Soccer referees needed, training coming soon
Jul 31, 2017 | 2516 views | 0 0 comments | 156 156 recommendations | email to a friend | print
Gary Blodgett, left, with his mentor Bob Abrahamson, one of the founders of the Vermont Soccer Officials Association and former assigner for southern Vermont.
Gary Blodgett, left, with his mentor Bob Abrahamson, one of the founders of the Vermont Soccer Officials Association and former assigner for southern Vermont.
By Randy Capitani

DEERFIELD VALLEY- Fans of local high school sports know that an integral part of any high school game is the referee or the umpire. They’re cheered when they make a call that favors the fan’s team, and jeered when one goes against the favored squad.

But do casual fans know just how referees are trained and assigned to games around the state? Or that just about anyone with a passing interest in Vermont sports at the middle and high school level can sign up and become a referee?

In fact, right now there is a need for soccer referees for the upcoming fall season. Gary Blodgett, of Ludlow and the Vermont Soccer Officials Association, is the person who recruits and oversees soccer refs for all of southern Vermont. He’s looking for interested men and women to join the ranks of soccer refs in the region. It doesn’t take much, just an interest in the game and some free time.

“Most of the people have had some involvement in the game,” said Blodgett. “They’ve been a parent, a player or a coach. We just ask that they come with an interest, a willingness to learn, and $75, which covers their first year membership and their insurance. That’s about it. They mostly need to have a willingness to learn.”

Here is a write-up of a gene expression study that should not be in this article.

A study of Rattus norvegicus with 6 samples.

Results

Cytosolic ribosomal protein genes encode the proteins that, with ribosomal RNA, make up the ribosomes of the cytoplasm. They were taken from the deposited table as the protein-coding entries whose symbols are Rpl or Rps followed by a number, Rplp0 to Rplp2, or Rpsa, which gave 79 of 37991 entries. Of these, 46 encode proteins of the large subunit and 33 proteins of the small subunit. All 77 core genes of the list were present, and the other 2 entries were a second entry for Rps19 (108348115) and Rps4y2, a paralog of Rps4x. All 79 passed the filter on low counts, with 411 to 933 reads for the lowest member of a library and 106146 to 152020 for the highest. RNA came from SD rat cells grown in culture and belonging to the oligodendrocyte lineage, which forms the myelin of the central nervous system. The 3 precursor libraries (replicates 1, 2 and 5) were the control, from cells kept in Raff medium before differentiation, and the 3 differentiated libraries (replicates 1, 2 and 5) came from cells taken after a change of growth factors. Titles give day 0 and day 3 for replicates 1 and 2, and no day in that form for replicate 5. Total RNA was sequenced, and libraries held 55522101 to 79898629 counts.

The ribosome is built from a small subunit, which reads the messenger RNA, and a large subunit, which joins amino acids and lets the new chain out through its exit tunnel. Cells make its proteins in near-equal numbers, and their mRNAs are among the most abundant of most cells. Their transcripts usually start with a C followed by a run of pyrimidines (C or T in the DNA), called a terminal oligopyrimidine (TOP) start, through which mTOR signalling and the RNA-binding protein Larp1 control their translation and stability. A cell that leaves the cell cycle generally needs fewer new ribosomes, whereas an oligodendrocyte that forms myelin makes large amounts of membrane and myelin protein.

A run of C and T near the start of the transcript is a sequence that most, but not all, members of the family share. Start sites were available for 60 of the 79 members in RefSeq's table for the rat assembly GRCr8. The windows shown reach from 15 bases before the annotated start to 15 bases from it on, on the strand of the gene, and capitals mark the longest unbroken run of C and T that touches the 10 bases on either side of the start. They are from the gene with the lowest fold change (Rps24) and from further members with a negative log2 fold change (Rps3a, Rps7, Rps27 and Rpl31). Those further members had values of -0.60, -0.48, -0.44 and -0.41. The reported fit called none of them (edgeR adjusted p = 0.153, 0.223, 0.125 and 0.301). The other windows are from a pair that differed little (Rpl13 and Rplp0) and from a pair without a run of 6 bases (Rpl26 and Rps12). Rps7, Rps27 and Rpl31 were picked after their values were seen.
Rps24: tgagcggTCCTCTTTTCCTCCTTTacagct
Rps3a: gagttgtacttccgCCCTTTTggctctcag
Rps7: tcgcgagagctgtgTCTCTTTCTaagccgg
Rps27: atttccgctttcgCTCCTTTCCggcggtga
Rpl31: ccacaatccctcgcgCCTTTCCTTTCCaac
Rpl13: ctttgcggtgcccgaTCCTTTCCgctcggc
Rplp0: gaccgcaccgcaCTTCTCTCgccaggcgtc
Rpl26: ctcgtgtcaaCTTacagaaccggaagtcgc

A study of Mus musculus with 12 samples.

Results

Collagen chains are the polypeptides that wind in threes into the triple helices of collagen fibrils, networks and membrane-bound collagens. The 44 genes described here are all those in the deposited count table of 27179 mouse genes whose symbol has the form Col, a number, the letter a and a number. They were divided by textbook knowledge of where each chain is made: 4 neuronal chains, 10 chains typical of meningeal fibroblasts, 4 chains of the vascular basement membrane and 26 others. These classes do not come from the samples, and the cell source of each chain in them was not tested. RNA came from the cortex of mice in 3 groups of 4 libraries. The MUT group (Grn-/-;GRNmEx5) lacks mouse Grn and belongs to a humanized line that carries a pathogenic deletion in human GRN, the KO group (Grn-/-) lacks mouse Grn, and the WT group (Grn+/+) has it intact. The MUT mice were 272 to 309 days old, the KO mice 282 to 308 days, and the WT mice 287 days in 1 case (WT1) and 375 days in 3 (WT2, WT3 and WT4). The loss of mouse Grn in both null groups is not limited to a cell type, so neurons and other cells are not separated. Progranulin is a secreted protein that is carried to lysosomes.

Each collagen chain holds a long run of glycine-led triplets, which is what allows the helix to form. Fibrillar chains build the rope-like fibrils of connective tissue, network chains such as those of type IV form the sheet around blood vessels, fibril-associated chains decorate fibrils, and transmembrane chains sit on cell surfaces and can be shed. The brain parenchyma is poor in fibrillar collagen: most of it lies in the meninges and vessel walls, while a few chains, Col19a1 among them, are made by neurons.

Referees earn $75 for a varsity match, less for a junior varsity or middle school game. Novice referees are asked to learn the rules, and are assigned a mentor to help them learn how to work the field while in the zebra stripes.

“We’re always trying to improve the officials, trying to keep everybody on the same page,” said Blodgett. “If somebody’s interested in becoming an official, they first go to a three-hour training session with myself or the northern guy. It’s mostly nuts and bolts, how the book works, going over the rules.”

Once that training session is done, it’s off to the pitch.

“We spend a good amount of time doing on-field mentor shadowing, training officials on-site,” said Blodgett. “We give each new official a mentor, and that person will make sure they work with the new official through the season. Generally, a new official will start with junior varsity or middle school games, but some come in with expertise so you can get them into a high school game.”

Blodgett, a retired coach and educator, has the formal title of Southern Vermont Soccer Officials Assigner for the VSOA. That means he is the person who coordinates scheduling of approximately 75 referees for 500 varsity games for the upcoming fall season. For him, it’s a way to stay involved in a game he has loved since childhood.

“I have been involved in soccer since I was 6 years old,” Blodgett said. “I’m 65. It (refereeing) is still a way for me to be involved, run around on the field, and enjoy it.”

He added that working for the VSOA as an assigner has its ups and downs, as he doesn’t get to referee as much as he would like. “I try to get out as much as possible, but I try to leave myself available for emergencies, like when a ref can’t make a game. I usually keep my gear in the car.”

But he does get to plenty of matches.

“I try to see every official in a game every year,” Blodgett said. “We are constantly training, observing, evaluating, and trying to keep everybody improving. We also try to do clinics before the season and have a bunch of officials go to preseason games where we can informally give feedback. It is good for officials to be watching each other in the preseason. They pick up things here and there.”

Blodgett added that the association sends out weekly emails to referees, which include rule interpretations and tips for officials.

Anyone interested in soccer refereeing is invited to attend one of two training sessions. The first session meets in the cafeteria at Black River High School in Ludlow on Wednesday, August 2, at 6 pm. The second session is being held at Whitcomb High School in Bethel on August 26, at 8:30 am. For more information contact Blodgett at or (802) 558-3147.